Ribosomal lesions promote oncogenic mutagenesis
Congenital ribosomopathies, such as Diamond-Blackfan anemia, are characterized by germline mutations in ribosomal proteins or assembly factors. These patients initially display hypoproliferation of blood lineages, but are also at an increased risk of developing AML and other types of cancer later on. Recently, in hematological malignancies somatic mutations in ribosomal proteins have been described as well. During the Presidential Symposium Dr Sergey Sulima (KU Leuven, Belgium) presented data explaining how a mutated ribosomal protein can promote oncogenic transformation.
In lymphoid mouse cells the ribosomal protein mutation RPL10 R98S, which is found in T cell acute lymphoblastic leukemia (T ALL), resulted in hypoproliferation, which in time was rescued by the accumulation of additional mutations. RPL10 R98S cell lines had a higher mutation rate than wild type cells. Moreover,in these cell lines the investigators observed increased oxidative stress and DNA damage.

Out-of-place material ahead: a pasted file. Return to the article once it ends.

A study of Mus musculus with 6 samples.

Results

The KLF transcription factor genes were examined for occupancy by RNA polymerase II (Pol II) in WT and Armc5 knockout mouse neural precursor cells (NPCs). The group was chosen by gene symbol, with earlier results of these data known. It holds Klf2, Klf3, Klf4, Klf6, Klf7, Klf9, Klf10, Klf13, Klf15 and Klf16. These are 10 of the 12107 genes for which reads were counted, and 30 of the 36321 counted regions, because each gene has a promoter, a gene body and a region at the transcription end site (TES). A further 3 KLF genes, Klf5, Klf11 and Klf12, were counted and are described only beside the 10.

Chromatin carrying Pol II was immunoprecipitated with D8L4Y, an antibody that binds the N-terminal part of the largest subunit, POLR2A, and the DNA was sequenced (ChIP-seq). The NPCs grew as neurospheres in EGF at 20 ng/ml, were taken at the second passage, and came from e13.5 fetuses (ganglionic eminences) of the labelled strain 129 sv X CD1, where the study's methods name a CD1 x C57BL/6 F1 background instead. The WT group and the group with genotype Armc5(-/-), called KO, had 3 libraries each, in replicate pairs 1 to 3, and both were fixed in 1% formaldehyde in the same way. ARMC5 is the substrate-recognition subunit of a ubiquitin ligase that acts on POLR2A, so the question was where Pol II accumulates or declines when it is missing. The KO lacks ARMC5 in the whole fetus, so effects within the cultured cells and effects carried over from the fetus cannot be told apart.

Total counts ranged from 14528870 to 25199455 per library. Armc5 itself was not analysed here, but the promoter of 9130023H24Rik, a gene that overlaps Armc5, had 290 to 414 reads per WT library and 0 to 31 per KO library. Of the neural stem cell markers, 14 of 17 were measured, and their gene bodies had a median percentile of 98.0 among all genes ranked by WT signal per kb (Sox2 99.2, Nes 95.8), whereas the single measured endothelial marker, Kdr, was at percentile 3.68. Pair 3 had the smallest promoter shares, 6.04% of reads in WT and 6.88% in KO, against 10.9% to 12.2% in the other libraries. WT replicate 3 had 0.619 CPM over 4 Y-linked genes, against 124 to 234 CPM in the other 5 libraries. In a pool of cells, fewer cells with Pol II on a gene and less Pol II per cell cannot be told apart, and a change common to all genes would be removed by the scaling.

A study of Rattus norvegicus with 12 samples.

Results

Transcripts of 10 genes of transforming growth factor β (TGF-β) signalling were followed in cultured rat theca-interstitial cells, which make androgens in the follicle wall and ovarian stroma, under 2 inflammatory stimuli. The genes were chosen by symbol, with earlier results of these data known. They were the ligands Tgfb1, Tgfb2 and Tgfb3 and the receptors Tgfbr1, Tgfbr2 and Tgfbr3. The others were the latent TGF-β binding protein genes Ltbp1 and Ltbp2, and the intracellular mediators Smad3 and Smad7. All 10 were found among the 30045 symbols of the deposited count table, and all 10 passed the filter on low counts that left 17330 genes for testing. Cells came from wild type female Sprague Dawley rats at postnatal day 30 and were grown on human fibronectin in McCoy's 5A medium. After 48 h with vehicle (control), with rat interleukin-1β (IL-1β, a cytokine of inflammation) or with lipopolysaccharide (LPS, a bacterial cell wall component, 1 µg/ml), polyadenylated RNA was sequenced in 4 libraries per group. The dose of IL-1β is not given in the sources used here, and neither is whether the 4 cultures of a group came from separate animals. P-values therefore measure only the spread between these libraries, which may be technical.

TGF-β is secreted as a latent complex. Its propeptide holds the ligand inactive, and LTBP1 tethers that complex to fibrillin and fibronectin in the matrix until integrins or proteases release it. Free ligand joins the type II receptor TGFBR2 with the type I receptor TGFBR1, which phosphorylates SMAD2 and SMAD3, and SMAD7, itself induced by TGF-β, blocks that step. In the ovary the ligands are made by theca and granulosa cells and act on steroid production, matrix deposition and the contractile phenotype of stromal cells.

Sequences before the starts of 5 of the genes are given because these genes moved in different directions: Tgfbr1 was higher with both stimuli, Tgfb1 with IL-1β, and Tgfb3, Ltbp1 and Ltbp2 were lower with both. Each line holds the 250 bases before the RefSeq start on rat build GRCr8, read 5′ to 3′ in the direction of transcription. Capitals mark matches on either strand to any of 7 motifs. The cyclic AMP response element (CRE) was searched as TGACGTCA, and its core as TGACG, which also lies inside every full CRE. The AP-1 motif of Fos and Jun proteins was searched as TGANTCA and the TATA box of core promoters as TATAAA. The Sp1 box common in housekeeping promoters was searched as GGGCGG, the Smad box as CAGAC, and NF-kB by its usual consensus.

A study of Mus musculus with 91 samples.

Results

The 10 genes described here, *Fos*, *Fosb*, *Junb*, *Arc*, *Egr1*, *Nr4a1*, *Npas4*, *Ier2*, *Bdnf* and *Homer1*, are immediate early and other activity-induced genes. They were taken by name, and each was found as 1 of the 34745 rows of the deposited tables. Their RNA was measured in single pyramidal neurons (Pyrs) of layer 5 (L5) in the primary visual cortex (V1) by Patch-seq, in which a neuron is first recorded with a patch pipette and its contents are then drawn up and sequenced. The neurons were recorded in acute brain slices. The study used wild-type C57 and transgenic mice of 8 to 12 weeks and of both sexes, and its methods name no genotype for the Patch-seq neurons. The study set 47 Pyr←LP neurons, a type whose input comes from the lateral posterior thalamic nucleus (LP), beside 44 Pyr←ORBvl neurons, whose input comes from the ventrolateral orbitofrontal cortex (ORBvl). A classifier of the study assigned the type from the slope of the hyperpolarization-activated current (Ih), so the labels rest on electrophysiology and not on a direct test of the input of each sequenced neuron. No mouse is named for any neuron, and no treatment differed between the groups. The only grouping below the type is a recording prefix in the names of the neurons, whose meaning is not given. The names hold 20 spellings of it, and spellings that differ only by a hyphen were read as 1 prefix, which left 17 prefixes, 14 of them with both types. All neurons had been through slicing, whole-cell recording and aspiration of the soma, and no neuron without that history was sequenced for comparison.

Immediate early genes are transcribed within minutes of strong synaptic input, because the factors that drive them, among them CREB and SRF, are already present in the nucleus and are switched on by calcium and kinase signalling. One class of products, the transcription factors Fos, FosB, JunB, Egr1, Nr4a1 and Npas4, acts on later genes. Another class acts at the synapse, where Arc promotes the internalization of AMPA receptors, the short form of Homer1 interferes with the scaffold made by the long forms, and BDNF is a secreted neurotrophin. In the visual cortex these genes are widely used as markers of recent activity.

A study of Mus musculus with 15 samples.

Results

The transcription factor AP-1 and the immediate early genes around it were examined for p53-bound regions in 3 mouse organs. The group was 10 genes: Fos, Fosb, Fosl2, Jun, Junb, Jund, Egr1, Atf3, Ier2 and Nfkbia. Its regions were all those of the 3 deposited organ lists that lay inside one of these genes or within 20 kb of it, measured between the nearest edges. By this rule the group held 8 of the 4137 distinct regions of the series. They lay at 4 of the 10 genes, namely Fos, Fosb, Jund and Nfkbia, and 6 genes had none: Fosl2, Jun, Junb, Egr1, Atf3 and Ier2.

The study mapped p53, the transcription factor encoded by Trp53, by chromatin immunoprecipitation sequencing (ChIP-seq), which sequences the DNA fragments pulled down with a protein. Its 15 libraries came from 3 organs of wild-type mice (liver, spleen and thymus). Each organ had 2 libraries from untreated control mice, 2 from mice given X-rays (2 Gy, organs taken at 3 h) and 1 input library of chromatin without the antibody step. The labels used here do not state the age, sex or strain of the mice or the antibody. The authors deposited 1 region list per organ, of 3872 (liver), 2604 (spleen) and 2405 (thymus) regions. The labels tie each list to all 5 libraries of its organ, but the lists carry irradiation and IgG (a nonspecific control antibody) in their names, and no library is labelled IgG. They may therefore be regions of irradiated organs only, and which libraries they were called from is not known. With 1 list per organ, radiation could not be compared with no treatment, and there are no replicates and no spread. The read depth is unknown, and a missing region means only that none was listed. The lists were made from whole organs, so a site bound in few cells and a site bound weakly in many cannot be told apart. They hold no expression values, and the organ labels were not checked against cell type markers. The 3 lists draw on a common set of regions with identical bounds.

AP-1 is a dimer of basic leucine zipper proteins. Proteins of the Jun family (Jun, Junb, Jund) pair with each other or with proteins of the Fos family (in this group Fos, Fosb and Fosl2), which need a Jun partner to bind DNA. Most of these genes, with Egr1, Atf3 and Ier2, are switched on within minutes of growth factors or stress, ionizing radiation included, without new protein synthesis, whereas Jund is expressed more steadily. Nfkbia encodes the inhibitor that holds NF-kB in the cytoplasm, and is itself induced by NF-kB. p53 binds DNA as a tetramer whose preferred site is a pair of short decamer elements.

A high mutational load was observed as well in T ALL patients with mutations in ribosomal proteins, with enrichment for mutations activating the NOTCH1 pathway. Restoring NOTCH1 expression rescued cells from oxidative stress and promoted cell survival. Similarly, chronic lymphocytic leukemia (CLL) patients with ribosomal protein lesions have a high mutational burden, with enrichment for mutations in TP53.
Sulima: “Ribosome dysfunction increases levels of cellular stress, which inhibits proliferation, but at the same time also promotes mutagenesis. Those mutations that can rescue cells from high oxidative stress get selected for, and can cooperate to drive oncogenesis.”